FAMILIES are calling on council chiefs to try to rectify a planning blunder which gave the green light for a mobile phone mast to be built outside their popular local school.
A petition signed by 1,800 people in Darras Hall, Northumberland, has been handed over, asking for the use of special powers to protect the site where the 12.5m-high mast was given the go-ahead.
The petition calls on the county council to seek authorisation from the Secretary of State for an order preventing Telefonica O² or any other operator using the existing consent for land next to 450-pupil Darras Hall First School.
The Article 4 direction would remove so-called permitted development rights for the site – meaning any operator would have to start from scratch and submit a full planning application for a phone mast.
The latest move comes just weeks after hundreds of local people staged a silent protest outside the school, which persuaded O² to drop its plan to build the mast there. The company has agreed to seek an alternative site, but fears remain that it or another telecoms firm will return to the school site and implement the outstanding planning consent.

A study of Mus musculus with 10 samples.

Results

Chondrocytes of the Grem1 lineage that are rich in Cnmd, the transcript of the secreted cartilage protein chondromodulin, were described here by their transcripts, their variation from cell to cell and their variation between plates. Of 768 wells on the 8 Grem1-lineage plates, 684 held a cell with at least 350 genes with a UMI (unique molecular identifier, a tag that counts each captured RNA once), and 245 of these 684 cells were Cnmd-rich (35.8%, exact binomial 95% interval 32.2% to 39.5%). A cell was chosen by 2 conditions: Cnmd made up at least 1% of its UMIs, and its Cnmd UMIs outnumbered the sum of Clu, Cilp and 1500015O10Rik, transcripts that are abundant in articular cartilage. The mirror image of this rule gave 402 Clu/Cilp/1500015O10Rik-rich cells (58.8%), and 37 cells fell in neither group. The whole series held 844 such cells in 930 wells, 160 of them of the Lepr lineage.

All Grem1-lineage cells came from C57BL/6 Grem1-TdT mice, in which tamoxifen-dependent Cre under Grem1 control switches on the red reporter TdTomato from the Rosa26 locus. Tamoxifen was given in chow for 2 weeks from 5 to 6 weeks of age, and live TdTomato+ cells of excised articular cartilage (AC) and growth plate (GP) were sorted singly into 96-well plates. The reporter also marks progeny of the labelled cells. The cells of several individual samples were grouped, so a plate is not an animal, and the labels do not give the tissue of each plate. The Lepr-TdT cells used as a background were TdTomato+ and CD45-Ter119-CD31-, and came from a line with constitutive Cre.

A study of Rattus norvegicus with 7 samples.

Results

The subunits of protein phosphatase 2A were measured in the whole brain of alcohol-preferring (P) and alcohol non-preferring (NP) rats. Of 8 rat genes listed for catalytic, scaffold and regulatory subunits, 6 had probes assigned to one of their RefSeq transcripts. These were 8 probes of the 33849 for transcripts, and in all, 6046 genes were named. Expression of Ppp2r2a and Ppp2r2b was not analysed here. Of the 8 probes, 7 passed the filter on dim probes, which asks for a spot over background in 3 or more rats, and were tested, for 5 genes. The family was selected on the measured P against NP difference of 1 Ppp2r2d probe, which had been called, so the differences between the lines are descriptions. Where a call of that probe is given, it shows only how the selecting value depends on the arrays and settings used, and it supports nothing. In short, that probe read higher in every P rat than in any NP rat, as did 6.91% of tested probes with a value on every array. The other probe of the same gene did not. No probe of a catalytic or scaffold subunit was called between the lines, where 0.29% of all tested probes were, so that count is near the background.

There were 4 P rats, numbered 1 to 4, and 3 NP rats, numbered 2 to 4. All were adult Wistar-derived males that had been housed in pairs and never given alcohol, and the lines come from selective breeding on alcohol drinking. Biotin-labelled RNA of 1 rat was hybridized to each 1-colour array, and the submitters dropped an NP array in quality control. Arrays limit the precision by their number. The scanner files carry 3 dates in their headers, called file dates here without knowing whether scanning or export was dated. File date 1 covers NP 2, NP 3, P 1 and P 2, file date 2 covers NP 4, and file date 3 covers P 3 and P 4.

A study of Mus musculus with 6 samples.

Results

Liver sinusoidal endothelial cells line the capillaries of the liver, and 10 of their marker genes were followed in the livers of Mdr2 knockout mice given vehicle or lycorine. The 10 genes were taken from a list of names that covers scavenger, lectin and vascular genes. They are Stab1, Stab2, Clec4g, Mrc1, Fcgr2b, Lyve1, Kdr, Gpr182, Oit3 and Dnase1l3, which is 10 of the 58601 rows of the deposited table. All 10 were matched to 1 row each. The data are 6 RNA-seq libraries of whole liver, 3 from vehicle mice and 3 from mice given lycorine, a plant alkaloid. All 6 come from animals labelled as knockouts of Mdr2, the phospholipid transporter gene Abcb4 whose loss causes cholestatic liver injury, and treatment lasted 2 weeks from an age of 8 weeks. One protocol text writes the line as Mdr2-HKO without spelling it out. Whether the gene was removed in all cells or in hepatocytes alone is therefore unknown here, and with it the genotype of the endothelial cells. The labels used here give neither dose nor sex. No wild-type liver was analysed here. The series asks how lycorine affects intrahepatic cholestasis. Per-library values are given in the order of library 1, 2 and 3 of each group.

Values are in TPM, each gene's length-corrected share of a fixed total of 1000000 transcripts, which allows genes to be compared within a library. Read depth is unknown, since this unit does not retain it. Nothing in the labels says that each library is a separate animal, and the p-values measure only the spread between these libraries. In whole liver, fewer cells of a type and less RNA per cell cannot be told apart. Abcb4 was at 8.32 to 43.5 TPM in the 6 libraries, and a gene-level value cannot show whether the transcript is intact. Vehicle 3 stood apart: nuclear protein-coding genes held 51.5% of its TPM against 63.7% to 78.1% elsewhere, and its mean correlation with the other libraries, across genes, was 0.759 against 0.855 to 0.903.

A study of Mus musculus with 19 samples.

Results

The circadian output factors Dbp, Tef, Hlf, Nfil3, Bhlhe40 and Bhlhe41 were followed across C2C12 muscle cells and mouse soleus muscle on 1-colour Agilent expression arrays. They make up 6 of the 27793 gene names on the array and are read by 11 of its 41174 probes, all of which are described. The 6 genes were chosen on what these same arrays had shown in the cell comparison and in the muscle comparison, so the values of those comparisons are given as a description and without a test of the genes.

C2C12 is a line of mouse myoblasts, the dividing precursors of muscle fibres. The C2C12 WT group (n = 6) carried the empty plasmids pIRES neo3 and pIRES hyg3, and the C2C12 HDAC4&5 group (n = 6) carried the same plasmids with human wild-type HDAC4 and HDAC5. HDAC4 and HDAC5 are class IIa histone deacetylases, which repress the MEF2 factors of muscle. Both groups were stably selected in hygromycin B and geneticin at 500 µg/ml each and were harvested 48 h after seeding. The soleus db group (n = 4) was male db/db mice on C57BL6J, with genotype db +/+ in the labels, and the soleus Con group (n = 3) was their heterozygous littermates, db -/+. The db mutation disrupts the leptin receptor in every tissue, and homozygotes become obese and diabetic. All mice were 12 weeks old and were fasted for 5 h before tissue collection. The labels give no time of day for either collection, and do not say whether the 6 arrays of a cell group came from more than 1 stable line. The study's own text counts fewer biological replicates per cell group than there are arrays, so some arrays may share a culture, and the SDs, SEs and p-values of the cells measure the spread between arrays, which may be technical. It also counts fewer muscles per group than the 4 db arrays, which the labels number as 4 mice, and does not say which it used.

Permission was gained by default last May, when the council failed to make its decision to reject O²’s application within the required 56-day timescale.
That sparked fury amongst parents, staff and governors at the school, and hundreds more residents opposed an alternative site further along The Broadway.
Yesterday Veronica Jones, who represents Ponteland on the county council and handed over the petition at this week’s west area committee, said: “The petition seeks an Article 4 direction which would revoke permitted development rights for a mast on The Broadway.
“The planning permission could be picked up by O² or another provider, so we are trying to take steps to rectify what was a mistake by the county council. This was an error which I would like to think the council wants to put right, so that people in Darras Hall don’t have to be on constant watch for another mobile phone provider coming in.”
Last month hundreds of parents, grandparents and children from local schools defied heavy rain to turn out with placards saying No2O² and greet company representatives arriving for a meeting to discuss the Darras Hall mast controversy.
The protest resulted in O² agreeing not to proceed with the school site, and to work with the local community and planning authority to find an alternative.
A county council spokeswoman said an Article 4 direction can be made where there is a “real and specific threat to the locality in which the development is to take place”. She said a further report will go to the west area planning committee on April 8, with advice for members on the petitioners’ request.
The protest resulted in O² agreeing not to proceed with the school site, and to work to find an alternative site.